AT the beginning of this century, car and motorcycle races were held up Rivington Pike. Today, and next week, Mr Denis O'Connor of Bolton History Society, tells the story of these surprising events. MOTOR racing up Rivington Pike? No way, you might think - but you would be wrong!

From 1906 to 1912, Bolton motorists had the opportunity to witness the performance of a variety of cars and motor-cycles in the hands of some notable drivers of the day on the private roads of the Rivington estate of W H Lever (later Lord Leverhulme).

Under the auspices of the North-East Lancs Automobile Club and the Lancashire Motor-Cycle Club, the first of these hill-climb races took place on July 25, 1906, was limited to members of the former club, and was divided into 10 classes according to the list price of the car; this ranged from £200 up to 'exceeding £1,000' which equated to 6 hp Belsize and Rover cars up to 35 hp Daimler (1), 40 hp Napier (2), 60 hp Mercedes (1) and 70 hp Darracq (1).

In order to provide some form of balance between the cars, a handicap for each was calculated using to formulae, one to determine a horse-power figure and the other to arrive at the handicap figure in seconds based on the horse-power resultant of the first formula.

From an entry list of 37 there were 27 starters. These were weighed in Horwich in the morning, then, after a suitable lunch interval, made their way to Rivington and the actual venue which was the road directly behind the Rivington and Blackrod Grammar School. At the end of the day a number of gold medals and cups were awarded to the winners, and Mr Birtwistle, Secretary to the Club secured, according to the 'Autocar' for August 4, 1906, "a special prize given by the Anglo-American Oil Co." In mid-July, 1907, the Club met again, and out of 60 entries 45 turned up. A contemporary issue of the 'Autocar' got a bit more expansive and noted the average gradient to be 1:10 and that the critical portion was 1km in distance with a good surface and that "altogether it was a delightful and busy scene and a glorious day". The previous night the cars had been weighed and the drivers reminded that they must "avoid any doping with oxygen and other adventitious aid" and to stress this "a clause against any such faking was inserted in the rules, viz: disqualification for using any other fuel than petrol".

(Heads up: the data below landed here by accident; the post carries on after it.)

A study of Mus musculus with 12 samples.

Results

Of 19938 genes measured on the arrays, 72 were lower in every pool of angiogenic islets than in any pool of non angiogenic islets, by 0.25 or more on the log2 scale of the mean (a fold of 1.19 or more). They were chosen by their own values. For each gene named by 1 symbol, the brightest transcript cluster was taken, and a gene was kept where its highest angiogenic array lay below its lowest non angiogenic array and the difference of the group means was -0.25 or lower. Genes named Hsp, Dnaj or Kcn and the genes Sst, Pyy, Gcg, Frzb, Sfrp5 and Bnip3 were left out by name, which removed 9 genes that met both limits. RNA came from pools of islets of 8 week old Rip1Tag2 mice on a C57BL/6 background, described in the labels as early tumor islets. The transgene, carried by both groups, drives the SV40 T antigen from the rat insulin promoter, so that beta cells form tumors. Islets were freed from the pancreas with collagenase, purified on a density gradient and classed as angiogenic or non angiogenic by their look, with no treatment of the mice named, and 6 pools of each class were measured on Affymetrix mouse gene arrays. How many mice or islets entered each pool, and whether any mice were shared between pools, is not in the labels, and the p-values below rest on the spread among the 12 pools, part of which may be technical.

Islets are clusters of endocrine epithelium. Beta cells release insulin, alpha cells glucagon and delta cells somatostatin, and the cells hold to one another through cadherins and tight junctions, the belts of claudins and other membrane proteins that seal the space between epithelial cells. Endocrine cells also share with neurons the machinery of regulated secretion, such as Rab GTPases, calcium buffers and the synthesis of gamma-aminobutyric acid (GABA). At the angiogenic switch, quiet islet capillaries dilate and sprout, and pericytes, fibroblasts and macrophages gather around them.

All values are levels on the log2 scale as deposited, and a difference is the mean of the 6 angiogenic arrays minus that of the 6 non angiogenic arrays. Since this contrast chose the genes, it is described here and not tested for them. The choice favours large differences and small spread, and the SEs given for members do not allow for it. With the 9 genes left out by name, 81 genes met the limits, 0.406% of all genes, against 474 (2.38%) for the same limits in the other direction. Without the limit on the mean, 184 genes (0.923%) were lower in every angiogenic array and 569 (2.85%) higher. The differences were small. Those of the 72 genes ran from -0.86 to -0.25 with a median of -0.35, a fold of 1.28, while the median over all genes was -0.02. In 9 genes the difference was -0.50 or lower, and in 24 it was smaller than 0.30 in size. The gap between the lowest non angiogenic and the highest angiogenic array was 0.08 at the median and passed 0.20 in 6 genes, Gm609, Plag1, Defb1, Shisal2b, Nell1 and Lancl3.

The names of the cars show that a sizeable number were from the Continent: Minerva (Belgium), Darracq (France), La Buire (France), Metallurgique (Belgium), Horch (Germany), Berliot (France) and Sizaire et Naudin (France).

Among the contenders were examples of cars which either still exist today in one form or another, or have recently disappeared; Wolseley, Talbot, Humber and Daimler. Some of the cars were of local manufacture; three Belsize, 6, 20 and 30 hp models had been made in Manchester by Marshall and Co of Clayton, founded in 1896 making a Benz pattern car based on the French Hurtu and surviving as a maker up to 1925; a single Critchley-Norris of 30/40 hp made by Crossleys of Gorton between 1906/8 and was a chain driven tourer based on Mercedes practice; a 10/12 hp New Eagle made at Broadheath, Manchester, by a Ralph Jackson who progressed from cycle making to founding the Century Engineering and Motor Co to produce three and four wheelers called the 'Eagle' the company wound up in 1907 but Jackson continuing as the owner of St Georges Motor Co (Manchester), and two Bell cars from the firm of that name at Ravensthorpe, Yorks, after the 1914/18 war were made in Manchester by the Co-op Wholesale Society.

Among the drivers was H. Hollindrake on his 35 hp La Burie - his name still survives in the Stockport motor trade; a Mrs E A Riley (believed to have been connected with E J Riley billiard table makers of Accrington) drove a 20 hp Belsize, coming third out of a field of 12 with a time of 1 minute 39 seconds to mount the hill.

Aristocracy was represented by the Earl of Shrewsbury and Talbot on a 12/16 hp Clement-Talbot and a Viscount Ingestre on a similar mount in the 15/20 hp class. The fastest time of the day was achieved by Selwyn Francis Edge with a time of 58 seconds on a 60 hp Napier, and a close compatriot, Charles Jarrott, on a 9 hp Sizaire et Naudin took 2 minutes 24 seconds.

NEXT WEEK: The final years.

Converted for the new archive on 14 July 2000. Some images and formatting may have been lost in the conversion.